This Top-Dollar Drug Hits the Discount Rack
Critics had complained that Sanofi's (NYS: SNY) colorectal cancer drug cost too much compared to existing options. So this week, Sanofi slashed the price in half. The move sheds light on the challenges facing high-cost drugs with cheaper, comparable alternatives, such as Dendreon's (NAS: DNDN) 's prostate cancer drug Provenge.
A changing climate
Zaltrap, a joint project from Sanofi and Regeneron (NAS: REGN) , received approval from the Food and Drug Administration in August for treating patients with advanced colorectal cancer. Trials showed that Zaltrap barely extended patient lifespan by about 1.5 months, making it nearly identical to Roche's Avastin in efficacy. Despite offering no real advantage over an existing drug, Zaltrap was priced at an astonishing $11,000 per month -- more than twice the cost of Avastin.
Doctors had apparently had enough of high-priced, ineffectual drugs. A trio of physicians from the Memorial Sloan-Kittering Center wrote an op-ed for The New York Times detailing why Zaltrap wasn't worth its price tag. Sanofi attempted to defend its pricing, but it released the discount information soon after.
Sanofi didn't cut its prices to be altruistic. The structure of the discount was designed to benefit doctors and hospitals foremost, which the company hopes will ramp up the number of Zaltrap prescriptions.
Trickle down pushback?
Could the Sanofi discount force the hands of other companies facing ridicule for overpriced treatments? It's possible, assuming those companies have competitors already on the market.
Dendreon in particular should be taking notes. The company's prostate cancer treatment, Provenge, had a lot of hype as it moved through the regulatory process, but it came out of the gate with a stumble and a thud. Provenge released with a price of $93,000 for its recommended three treatment doses, and doctors had initial concerns about reimbursements. The vaccine's disappointing performance -- and the associated controversies-- have led Dendreon to a CEO upheaval and a number of layoffs.
A competing oral pill, Zytiga from Johnson & Johnson (NYS: JNJ) , costs $5,500 per month. Zytiga's trials showed patient lifespan improved nearly four months, and the drug is already being used off label in the same indication as Provenge. Zytiga and Provenge aren't as pharmacologically similar as Zaltrap and its competitor, but the price disparity between Provenge and Zytiga -- and the negative market reaction - shows that the dissatisfaction was brewing before Sanofi's troubles. It's an issue that's unlikely to go quietly into the night.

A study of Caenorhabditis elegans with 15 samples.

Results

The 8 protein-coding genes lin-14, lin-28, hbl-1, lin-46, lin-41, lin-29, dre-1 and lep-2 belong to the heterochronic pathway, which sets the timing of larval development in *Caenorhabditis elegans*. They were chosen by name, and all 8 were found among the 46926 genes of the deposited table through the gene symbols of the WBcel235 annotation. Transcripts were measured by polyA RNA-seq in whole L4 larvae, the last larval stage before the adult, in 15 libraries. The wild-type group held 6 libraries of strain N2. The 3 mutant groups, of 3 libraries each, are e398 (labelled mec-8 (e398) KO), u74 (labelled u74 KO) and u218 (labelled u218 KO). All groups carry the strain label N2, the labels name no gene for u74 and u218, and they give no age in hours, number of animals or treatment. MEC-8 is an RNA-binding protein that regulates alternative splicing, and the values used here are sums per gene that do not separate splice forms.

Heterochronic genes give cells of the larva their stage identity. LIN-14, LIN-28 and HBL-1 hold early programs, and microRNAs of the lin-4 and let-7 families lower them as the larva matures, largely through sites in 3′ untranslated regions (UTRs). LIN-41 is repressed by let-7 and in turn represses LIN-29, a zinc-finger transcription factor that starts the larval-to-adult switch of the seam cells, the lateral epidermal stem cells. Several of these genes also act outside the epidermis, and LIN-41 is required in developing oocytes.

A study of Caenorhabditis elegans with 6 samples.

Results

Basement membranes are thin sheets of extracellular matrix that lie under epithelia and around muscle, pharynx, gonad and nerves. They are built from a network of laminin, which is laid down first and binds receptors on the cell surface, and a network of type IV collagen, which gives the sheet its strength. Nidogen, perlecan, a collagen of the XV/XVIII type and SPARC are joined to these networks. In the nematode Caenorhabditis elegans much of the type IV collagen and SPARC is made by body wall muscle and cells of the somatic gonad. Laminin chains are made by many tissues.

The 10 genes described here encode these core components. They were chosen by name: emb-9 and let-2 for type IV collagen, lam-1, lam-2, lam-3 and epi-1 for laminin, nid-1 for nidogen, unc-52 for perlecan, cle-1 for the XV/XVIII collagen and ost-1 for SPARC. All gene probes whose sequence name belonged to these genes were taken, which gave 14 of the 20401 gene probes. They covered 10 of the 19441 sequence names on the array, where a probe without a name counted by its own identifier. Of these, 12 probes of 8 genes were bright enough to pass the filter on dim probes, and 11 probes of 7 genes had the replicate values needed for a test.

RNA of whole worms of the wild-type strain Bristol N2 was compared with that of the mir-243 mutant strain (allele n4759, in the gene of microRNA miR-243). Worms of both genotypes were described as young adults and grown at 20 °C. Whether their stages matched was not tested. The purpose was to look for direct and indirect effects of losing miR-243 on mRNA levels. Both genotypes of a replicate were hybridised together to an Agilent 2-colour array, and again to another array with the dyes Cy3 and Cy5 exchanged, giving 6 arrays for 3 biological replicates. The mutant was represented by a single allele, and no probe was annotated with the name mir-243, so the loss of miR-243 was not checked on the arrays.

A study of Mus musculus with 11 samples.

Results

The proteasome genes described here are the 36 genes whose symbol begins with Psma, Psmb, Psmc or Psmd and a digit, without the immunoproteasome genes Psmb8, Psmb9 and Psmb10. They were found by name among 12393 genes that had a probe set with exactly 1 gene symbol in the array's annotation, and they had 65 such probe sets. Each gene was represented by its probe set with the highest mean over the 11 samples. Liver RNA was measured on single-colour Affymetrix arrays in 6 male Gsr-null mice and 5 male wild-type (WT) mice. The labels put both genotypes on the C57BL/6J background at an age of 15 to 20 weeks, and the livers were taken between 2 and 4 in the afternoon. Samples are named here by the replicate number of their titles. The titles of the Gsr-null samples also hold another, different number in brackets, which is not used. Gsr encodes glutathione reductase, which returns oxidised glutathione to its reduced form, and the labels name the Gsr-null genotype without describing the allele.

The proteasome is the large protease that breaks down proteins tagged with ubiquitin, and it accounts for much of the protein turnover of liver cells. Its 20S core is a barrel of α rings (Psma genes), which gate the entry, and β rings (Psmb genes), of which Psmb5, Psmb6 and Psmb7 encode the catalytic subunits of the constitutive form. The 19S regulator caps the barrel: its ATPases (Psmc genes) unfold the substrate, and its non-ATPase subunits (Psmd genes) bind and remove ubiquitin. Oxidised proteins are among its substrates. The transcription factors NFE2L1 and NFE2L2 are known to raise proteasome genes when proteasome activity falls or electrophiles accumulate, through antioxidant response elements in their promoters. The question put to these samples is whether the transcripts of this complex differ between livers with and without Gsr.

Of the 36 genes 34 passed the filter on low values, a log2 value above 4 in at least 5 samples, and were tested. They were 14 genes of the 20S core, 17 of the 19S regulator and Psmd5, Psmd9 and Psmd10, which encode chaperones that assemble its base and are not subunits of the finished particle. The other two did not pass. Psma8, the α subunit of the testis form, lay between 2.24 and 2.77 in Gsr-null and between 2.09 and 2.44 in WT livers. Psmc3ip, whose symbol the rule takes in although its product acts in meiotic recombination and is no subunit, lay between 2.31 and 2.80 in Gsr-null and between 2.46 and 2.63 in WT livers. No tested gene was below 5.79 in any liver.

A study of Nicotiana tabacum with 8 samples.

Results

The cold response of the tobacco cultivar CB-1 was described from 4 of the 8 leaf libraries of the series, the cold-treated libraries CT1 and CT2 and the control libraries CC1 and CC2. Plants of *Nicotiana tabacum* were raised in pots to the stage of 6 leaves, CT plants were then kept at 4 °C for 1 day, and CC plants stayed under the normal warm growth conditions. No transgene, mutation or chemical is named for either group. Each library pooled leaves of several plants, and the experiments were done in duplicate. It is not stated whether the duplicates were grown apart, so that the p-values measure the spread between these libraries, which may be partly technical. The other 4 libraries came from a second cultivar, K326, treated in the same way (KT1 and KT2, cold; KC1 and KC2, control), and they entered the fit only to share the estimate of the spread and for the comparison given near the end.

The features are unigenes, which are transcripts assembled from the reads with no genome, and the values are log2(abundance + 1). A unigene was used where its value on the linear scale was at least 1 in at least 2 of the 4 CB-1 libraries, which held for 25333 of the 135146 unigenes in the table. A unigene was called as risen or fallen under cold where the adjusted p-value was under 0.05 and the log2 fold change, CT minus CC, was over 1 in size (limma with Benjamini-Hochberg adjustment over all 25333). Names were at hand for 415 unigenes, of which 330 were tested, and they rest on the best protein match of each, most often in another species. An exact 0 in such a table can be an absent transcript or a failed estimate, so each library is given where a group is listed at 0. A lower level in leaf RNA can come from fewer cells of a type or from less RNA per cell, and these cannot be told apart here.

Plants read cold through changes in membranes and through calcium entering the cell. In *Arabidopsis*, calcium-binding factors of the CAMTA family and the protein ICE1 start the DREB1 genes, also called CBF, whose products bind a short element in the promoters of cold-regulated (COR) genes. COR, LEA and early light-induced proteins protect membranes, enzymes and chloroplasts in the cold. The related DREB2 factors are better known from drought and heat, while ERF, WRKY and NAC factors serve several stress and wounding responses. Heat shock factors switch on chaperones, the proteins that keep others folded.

Foolish bottom line
The historical pricing power of cancer treatments has been strong for a long time. But this example could signal that the balance of power has shifted. Sanofi appears to have realized that charging top dollar for a treatment doesn't work if no one decides to prescribe it.
In any case, with a diverse portfolio of pharmaceutical and over-the-counter products, Sanofi's business is doing fine overall, and shares are trading up over 24% year-to-date. A stable position like this allowed it to make Zaltrap's bold price cut. But weaker companies like Dendreon may not have that luxury.
As for Dendreon, it's run over the past four years witnessed sub-$5 share prices skyrocket to 10-bagger status before tumbling all the way back down below $5. But where does that leave investors -- other than a bit nauseous from the roller-coaster ride? Our own David Williamson answers this question, and many more, inside our brand new premium research report on Dendreon. Inside, he details every key issue facing the company and outlines just how Dendreon intends to regain its former glory. The report also comes with a full year of analyst updates, so claim your copy of this exclusive report today by clicking here now.
The article This Top-Dollar Drug Hits the Discount Rack originally appeared on Fool.com.Fool contributor Brandy Betz has no positions in the stocks mentioned above. The Motley Fool owns shares of Dendreon. Try any of our Foolish newsletter services free for 30 days. We Fools may not all hold the same opinions, but we all believe that considering a diverse range of insights makes us better investors. The Motley Fool has a disclosure policy.